Farouk El Gohary, an Egyptian Modernist architect and former head of the urban planning department at Ain Shams University, has died aged 83.
The professor died on November 16, 2020, in Cairo, leaving behind a legacy of works that includes one of Abu Dhabi's most recognisable structures.
Throughout his career as an architecture professor, which spanned more than 50 years, he influenced thousands of students, teaching at the second oldest engineering school in Egypt as well as other educational institutions.
His eclectic work demonstrated a fusion of various styles, often extending beyond Modernism and post-Modernism.
His projects, from large-scale designs for governments to renovation schemes for modern heritage buildings, allowed him to experiment with his architectural ideologies, testing and examining assorted forms, materials and technologies.
One of his most successful experiments was the Metabolist facade of a 1986 residential building on Gameat al Dewal al Arabiya Street in Cairo's Al Mohandiseen district, with an elevation of interlocking modules forming weaved concrete forms.
El Gohary went on to execute the same complex facade in a more compound building form in Abu Dhabi. His cylindrical design for the 16-floor Al Ibrahimi building on Electra Street continues to be one of the most renowned structures he designed, as well as his greatest imprint on the UAE’s capital.
El Gohary was also known for integrating Egyptian heritage and historical references with post-Modern and contemporary design and technologies.
In his design of the Ministry of Finance and Egyptian Tax Authority in Cairo, a complex group of connected blocks was supplemented with an intricate, multicoloured facade generated from the abstracted pharaonic hieroglyphs signifying the word for money.
El Gohary adopted similar applications in his designs for the Luxor and Aswan airports, where he incorporated Pharaonic symbols into both the facade and the interiors.
His interiors usually embraced colourful palettes, often accompanied by murals. While working as technical advisor at the National Authority for Tunnels, he commissioned Egyptian artist Sami Rafi to design and paint ceramic murals for 19 Cairo Metro underground stations.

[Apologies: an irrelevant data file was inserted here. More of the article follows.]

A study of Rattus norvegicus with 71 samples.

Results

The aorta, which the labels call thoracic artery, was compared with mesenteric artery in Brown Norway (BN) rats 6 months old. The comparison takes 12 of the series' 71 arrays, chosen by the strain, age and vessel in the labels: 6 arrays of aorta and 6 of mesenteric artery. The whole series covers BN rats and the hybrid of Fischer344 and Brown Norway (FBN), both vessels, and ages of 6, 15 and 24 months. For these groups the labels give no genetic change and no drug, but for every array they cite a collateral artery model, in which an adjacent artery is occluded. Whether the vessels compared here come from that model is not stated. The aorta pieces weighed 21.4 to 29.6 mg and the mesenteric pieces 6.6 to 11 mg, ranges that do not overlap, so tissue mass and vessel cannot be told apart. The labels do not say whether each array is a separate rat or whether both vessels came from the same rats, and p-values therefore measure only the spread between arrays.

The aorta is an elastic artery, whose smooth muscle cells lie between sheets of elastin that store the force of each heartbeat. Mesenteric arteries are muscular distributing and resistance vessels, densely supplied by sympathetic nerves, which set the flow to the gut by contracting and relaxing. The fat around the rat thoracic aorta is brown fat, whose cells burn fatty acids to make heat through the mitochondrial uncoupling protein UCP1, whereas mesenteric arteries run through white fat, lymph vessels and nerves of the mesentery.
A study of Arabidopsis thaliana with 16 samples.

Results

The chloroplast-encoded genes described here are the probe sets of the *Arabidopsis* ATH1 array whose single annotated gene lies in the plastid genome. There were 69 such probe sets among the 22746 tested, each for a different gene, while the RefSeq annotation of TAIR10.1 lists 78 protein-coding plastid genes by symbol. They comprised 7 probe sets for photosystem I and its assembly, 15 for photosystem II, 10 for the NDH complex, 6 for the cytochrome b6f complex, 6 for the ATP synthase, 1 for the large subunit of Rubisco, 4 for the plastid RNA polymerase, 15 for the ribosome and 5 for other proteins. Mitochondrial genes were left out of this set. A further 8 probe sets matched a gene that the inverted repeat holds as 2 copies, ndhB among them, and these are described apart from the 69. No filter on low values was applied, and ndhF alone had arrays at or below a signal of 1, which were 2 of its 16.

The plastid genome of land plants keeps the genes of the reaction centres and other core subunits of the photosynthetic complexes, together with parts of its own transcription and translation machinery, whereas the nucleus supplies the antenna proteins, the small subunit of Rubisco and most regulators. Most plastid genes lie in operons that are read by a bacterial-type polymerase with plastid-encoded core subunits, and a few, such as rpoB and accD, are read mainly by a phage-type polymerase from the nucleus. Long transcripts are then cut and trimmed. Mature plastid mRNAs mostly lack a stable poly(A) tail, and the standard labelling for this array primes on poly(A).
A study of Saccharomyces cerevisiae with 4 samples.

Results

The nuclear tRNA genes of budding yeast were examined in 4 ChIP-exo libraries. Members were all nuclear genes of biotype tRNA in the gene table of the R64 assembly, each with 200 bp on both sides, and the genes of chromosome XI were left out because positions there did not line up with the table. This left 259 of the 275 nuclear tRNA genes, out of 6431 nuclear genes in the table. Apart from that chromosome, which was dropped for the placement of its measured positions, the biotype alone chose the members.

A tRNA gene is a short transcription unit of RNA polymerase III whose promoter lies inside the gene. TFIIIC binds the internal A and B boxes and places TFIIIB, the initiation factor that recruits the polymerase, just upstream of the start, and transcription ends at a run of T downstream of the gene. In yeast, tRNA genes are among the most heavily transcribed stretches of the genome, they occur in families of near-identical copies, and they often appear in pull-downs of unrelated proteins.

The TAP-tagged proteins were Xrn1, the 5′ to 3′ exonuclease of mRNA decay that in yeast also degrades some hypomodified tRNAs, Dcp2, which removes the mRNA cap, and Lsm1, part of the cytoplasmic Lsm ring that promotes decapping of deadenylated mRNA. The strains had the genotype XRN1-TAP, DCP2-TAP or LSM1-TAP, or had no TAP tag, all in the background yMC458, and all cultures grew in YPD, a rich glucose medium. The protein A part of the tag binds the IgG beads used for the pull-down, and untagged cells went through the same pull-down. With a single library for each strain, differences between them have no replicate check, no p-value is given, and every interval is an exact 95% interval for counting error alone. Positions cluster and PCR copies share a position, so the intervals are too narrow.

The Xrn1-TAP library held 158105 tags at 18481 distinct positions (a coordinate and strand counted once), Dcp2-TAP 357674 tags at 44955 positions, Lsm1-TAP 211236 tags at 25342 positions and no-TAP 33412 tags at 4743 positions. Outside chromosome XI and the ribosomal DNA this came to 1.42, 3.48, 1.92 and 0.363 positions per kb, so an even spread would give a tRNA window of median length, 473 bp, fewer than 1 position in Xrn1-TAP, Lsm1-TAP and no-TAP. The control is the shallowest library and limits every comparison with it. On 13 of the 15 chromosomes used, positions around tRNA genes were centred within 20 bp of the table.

His direction appears to have stemmed from his childhood passion for fine arts, a skill that he preserved and cultivated throughout his professional career, producing hand sketches of his building proposals.
Born on October 31, 1937, in the city of Samannoud, in northern Egypt's Gharbia Governorate, El Gohary moved to study architectural engineering at Cairo University.
After graduating in 1959, he began his career in the design office of architect Ali Labib Gabr, a pioneer who served as the first Egyptian dean of the School of Architecture of King Fuad I University, now Cairo University.
During his time at Gabr’s office, El Gohary worked on projects such as El Amiriya Press in Imbaba and Luxor's New Winter Palace Hotel in 1960.
A year later, he moved to the UK where he earned a master’s degree in architecture from the University of Liverpool in 1963 and a PhD from University College London in 1966. During his time in the UK, El Gohary trained at a number of London firms, including the offices of Maxwell Fry, Llewelyn Davies and Basil Spence.
After returning to Cairo, he was appointed as a teacher at the faculty of engineering at Ain Shams University in 1966. He also established his own practice, Elgohary Architects, in Cairo in 1968 which he managed with his late son, Amr.
Between 1992 and 1993, he chaired the urban design and urban planning department at Ain Shams, where he continued to teach until his appointment as professor emeritus in 2012.
Both his daughter, Germin, and son, Amr, taught architecture and urban planning at Ain Shams University. On December 27, one month after El Gohary's death, Amr died after contracting Covid-19.
El Gohary is known for his opposing views to Hassan Fathy’s architectural philosophy. While Fathy adopted a traditional and cost-effective technique, El Gohary regarded architecture as a high-end form of art. He rejected the idea of reproducing traditional styles, believing architecture development should always include novel elements and ideas.